Our Universities: The Flow of Dollars

College costs are escalating for a number of reasons, but first among them is that there are resources available to pay for increases. Even that great baby-boomer sage, The Beaver, got it –

Theodore “Beaver” Cleaver: I could use my own money, the twenty-five dollars I got in the bank.

Wally Cleaver: I thought you were saving that to go to college.

Theodore “Beaver” Cleaver: Larry says he never heard of a college you could go to for twenty-five dollars.

Leave it to Beaver – Television 1959


Spending for food has decreased by about 50% over the last 60 years, while spending on higher education has gone up 6,000%. Too bad man does not live by bread alone.

Too bad students, parents and taxpayers are paying increasingly high tuition, fees and taxes for opportunities trafficked on dead-end streets.

The near sacredness of the value and worth of university attendance and the attainment of degrees has led to factors that have exacerbated the meteoric rise of college costs. The advice of my father, “Go to college, it is worth it, and if you work hard in the summer and over the breaks you can pay for it,” was true and accurate. I don’t think there are enough summer months, Christmas breaks, or hours in the day to make that sound advice 50 years ago accurate in 2012.

The Flow In – How Universities Collect

In a typical public university, (private institutions will be a future consideration) the following holds true for total operating budgets:

– 20% of all resources come from tuition and fees.

– 35% come from state appropriations.

– Less than 15% is generated in gift, auxiliary, athletics and sales income.

– 30% is the result of grants and contracts from public and private sources.

Since the late fifties, when Wally and The Beaver roamed the streets of suburbia, state appropriations have dropped from about 70% to 35% of the total budget. In many institutions state contributions fall to less than 15%. Grants and contracts, gifts, auxiliaries and tuition and fees increase to offset the decline in the state commitment.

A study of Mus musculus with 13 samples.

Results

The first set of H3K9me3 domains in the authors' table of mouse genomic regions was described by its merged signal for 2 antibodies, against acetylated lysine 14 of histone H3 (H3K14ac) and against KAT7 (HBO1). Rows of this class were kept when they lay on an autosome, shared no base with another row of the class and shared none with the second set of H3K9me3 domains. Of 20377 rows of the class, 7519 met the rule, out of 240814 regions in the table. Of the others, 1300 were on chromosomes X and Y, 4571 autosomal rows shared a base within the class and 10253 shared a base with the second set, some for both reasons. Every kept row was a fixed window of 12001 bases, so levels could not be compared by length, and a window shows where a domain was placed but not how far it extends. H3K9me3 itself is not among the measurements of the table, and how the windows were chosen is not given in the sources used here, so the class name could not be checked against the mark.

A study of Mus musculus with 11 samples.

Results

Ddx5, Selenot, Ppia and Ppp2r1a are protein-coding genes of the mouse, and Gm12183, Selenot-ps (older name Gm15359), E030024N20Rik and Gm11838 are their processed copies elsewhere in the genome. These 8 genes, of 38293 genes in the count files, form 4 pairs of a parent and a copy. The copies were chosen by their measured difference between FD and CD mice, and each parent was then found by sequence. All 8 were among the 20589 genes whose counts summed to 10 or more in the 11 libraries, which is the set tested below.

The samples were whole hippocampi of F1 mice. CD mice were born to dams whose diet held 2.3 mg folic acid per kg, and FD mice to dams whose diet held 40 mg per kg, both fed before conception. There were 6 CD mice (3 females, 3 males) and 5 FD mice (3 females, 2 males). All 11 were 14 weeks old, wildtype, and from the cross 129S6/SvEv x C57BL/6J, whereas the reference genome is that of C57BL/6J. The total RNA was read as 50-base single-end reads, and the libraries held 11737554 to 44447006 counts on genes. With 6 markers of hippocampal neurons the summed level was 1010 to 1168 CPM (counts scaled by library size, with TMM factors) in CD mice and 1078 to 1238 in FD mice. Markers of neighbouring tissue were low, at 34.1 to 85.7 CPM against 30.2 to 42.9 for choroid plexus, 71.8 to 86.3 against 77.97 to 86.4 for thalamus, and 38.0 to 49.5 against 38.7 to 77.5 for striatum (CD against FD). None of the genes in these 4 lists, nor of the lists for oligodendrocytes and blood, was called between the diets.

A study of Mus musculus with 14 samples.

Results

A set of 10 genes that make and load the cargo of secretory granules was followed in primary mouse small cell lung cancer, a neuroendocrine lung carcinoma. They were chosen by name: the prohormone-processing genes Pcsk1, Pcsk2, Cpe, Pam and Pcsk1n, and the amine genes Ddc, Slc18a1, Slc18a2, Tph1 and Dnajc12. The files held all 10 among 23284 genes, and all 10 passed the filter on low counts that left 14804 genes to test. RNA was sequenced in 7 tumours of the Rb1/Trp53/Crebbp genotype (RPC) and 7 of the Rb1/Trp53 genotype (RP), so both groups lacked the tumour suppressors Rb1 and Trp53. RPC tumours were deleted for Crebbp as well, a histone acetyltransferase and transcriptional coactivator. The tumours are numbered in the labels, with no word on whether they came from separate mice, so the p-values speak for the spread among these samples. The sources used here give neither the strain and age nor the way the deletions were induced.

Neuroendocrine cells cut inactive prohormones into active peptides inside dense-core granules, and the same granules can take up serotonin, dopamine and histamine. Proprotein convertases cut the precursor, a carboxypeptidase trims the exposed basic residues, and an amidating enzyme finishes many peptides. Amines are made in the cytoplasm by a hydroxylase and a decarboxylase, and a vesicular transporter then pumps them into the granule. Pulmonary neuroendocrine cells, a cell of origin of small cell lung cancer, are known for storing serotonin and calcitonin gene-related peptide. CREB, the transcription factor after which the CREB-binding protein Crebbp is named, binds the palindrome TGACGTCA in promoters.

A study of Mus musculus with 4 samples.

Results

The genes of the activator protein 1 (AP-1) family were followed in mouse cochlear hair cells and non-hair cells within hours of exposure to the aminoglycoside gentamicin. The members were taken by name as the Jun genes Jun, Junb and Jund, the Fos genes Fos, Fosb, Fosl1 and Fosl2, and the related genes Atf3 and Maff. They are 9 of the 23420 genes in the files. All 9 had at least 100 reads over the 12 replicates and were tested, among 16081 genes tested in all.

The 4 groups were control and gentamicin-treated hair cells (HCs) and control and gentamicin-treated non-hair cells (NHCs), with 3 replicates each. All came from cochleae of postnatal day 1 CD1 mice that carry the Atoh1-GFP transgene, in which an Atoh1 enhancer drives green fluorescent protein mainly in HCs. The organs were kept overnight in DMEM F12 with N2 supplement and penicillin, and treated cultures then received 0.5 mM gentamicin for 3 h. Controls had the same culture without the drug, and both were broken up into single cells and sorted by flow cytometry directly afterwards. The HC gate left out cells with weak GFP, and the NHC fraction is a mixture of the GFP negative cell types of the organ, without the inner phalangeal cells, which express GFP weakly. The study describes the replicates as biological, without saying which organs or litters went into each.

Surprisingly, even with steep increases over the past 30 years, tuition has remained a relatively constant contributor to the total budget at about 20%. Other sources of revenue besides tuition are being cultivated and increased to flesh out the operating budgets.

The Flow Out – How Universities Spend

According to the National Center for Education Statistics, in 2009, through tuition and fees, public universities in the United States accumulated $210 billion. Since tuition and fee dollars only cover 20% of the costs of keeping the doors open, higher education is a nearly trillion dollar enterprise of hope and change. Four-year private universities took in nearly $70 billion in tuition and fees but 80% of the cost was covered by those fees. On a per student basis the following holds true for public universities:

– Average tuition is $10,000.

– Faculty salaries and instructional administration is $12,000.

– University sponsored scholarly and creative activities totals $6,000.

– Student services consume over $5,000.

– Maintenance, athletics, housing, dining, services, buildings approaches $12,000.

– Administrators and support account for $4,000.

The total annual expenditures per student are about $50,000 per year.

The trillion dollar outstanding indebtedness of college students looms large in comparison to the other things that Americans spend their money on. This year credit card debt per family averaged about $8,000. Education debt was about the same.

During the coming weeks I will reflect on the flow of dollars in and out of our universities. The numbers are big. They may tell a story of hope and opportunity in our nation based on a credential owned rather than abilities, insight, and genuine know-how exhibited.

Politicians advise “Follow the money.” I will try.